I think that the underlying emotion behind the recent flap over RapidRide ORCA readers is, as Adam hints in his clarification, disappointment with what was sold to us as “Bus Rapid Transit” (BRT). It’s a denunciation done not with glee but with anguish.
It’s true that BRT is a continuum rather than a specific set of criteria, but that doesn’t mean that the term has no content and can be assigned to any new bus brand. At the least, it should incorporate at least some of the elements that make North American rail service traditionally much, much better than its bus counterpart:
- Service all day and deep into the evening
- Separation from traffic/signal priority.
- Frequent Service
- Off-board payment
Aside from the first, which was present in all six RapidRide corridors before RapidRide, the new lines largely fail to provide any of these.* Let’s take them in order:
Separation from traffic is largely a function of the cities that control the roadways the buses run on, and they’ve largely done a poor job by adding this priority where it’s easiest rather then where it’s most needed.
That said, I’ve come around to the idea that ultimately the agency whose reputation is at stake needs to step up and make a project work. Failure at Mt. Baker Station had many fathers, but ultimately it’s Sound Transit that was responsible for the success of the Light Rail project and should have filled the gaps to make it work correctly. Likewise, when a municipality’s priorities are elsewhere, Metro** should step up to make sure their flagship program isn’t a fiasco, especially since they will reap the financial gains of faster buses. Of course, like every other problem with Metro, this circles back to their budget problem, on which more below.
Frequent service. It’s true that Metro added some buses to existing routes to improve headways in isolated cases. Looking at frequencies on the four existing or imminent lines, it appears that we’re assured of 15 minute headways 7am to 10pm anywhere in the system, with 10-minute headways in the peak.
15 minutes is a good interval in many respects; but having personally experienced unreliable 15-minute intervals (the 8) and reliable 10-minute intervals (Link) all day, there’s a world of difference. If the objective is rail-like service without the capital cost, 15 minute headways are at the absolute edge of what’s acceptable.
Off-board payment. On a crowded route, on-board payment is one of the most egregious annoyances for the frequent customer. Metro hired fare inspectors, absorbing the most significant operational cost of off-board payment, and providing the only consistent brand differentiation with plain old Metro service. However, they haven’t followed up with the relatively cheap capital investment to really make this pay off.
Adam groused about off-board ORCA readers, which would help out a bit, especially if they were to be deployed uniformly rather that at select stops. But the real operational gain is in handling cash payment offboard. Buying simple ticket vending machines, as the Seattle Streetcar and Swift have done, isn’t free, but not doing so is financially reckless in the long run.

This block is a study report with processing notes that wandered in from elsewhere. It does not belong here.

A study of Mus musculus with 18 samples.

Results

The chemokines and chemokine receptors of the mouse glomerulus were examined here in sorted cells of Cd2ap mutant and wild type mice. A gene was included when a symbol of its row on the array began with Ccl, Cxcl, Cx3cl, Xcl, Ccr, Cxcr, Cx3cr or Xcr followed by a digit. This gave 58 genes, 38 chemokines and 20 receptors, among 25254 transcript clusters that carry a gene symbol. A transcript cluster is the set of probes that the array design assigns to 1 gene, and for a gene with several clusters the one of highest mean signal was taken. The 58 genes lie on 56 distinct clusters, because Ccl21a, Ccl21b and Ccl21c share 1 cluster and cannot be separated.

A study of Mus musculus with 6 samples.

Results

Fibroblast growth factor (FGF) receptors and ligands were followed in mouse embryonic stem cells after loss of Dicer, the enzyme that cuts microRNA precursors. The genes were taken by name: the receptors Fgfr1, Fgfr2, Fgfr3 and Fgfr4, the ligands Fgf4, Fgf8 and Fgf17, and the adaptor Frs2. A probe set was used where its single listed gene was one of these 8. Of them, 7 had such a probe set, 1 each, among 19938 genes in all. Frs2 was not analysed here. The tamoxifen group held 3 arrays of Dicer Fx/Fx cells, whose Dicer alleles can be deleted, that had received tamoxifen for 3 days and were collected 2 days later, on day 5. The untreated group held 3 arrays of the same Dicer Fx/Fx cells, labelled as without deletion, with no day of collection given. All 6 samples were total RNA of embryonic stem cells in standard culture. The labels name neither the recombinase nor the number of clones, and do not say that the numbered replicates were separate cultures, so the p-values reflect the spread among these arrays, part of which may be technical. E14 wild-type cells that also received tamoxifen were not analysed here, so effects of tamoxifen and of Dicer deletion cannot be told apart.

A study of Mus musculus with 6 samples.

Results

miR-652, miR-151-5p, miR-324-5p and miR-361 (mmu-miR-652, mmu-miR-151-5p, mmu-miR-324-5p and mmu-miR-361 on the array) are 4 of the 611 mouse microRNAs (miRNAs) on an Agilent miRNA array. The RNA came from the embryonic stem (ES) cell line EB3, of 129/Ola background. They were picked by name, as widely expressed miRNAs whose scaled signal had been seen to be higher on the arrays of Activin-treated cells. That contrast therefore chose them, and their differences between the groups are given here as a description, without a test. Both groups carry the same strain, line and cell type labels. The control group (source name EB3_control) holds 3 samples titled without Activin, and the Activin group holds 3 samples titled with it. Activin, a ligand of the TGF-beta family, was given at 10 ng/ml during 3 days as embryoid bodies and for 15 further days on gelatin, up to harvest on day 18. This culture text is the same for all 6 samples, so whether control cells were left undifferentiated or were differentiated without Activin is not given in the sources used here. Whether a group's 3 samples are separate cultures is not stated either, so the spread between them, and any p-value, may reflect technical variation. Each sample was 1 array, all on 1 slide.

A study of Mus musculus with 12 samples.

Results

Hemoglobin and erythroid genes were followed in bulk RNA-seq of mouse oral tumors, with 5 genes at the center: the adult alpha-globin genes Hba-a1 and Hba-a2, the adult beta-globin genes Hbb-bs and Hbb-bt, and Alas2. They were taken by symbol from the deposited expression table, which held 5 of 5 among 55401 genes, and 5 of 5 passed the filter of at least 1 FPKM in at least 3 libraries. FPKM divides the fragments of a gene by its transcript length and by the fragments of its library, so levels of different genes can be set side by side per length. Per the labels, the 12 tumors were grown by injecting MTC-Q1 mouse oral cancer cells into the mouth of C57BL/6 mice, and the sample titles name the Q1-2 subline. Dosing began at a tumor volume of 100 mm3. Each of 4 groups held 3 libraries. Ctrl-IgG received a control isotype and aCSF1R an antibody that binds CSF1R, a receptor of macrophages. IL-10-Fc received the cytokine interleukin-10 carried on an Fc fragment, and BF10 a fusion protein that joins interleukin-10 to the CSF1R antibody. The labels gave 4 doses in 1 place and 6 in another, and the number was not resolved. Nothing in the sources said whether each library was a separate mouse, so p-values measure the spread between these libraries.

The Budget Dodge
The response to most of these complaints is that Metro is in a budget crisis. And as large service cuts continue to threaten, that’s undoubtedly true. Sophisticated Metro critics understand that cake for everyone is not an option and there are hard choices to make. The criticism is that those choices have consistently prioritized everything but high-quality bus corridors, neglecting in particular capital expenses that would save operations money in the long run.
OK then, Metro’s defenders ask, what routes should Metro cut? To a large extent Bruce Nourish’s entire body of work is about efficiencies to be had by reorganizing the system. In addition, of the new service hours delivered by Transit Now but not subsidized by other entities, fully 80% are not RapidRide, but “other core routes” or “developing areas” — read new routes to the exurbs. This service does not have deeply entrenched constituencies, and is vastly preferable to RapidRide as a budget casualty. With 40/40/20 gone, it’s not even required by policy.
There are other particular efficiencies, like truncating buses at light rail stations, that would save gobs of money. These changes would certainly create losers and bring a stream of complaints to the County Council, but one is either willing to pay the price for high-quality bus corridors or one isn’t. The answer has been, up to now, “no.”
Finally, recall that there are a total of six RapidRide lines. A system with a focus on quality over quantity might have looked at the budget situation and cut one (or two) of the lines, to reinvest the capital in the remaining five. Perhaps the victim would be the line least supported by city road investments — giving Metro leverage over the budgets they don’t control. But Metro chose to emphasize spreading the benefits around over making sure they’re good benefits, which is the antithesis of the rail ethic that BRT is supposed to mimic.
All of these are value judgments, and if the King County Executive and Council are OK with these priorities then that’s their prerogative. Seattle voters, when last asked, didn’t seem to care much about bus improvements. However, I’d have more confidence in BRT as a true complement to Light Rail if Metro was willing to prioritize it even when revenues aren’t increasing endlessly beyond its costs. At the moment, it doesn’t even merit inclusion in the discussion about major transit corridor investments.
* Let’s give Metro credit for 24 hour service on RapidRide lines [except RR B], even if it’s hourly.
** Throughout this post, “Metro” refers to the staff of the King County transit agency, as well as its executives and its governing bodies, the King County Executive and Council.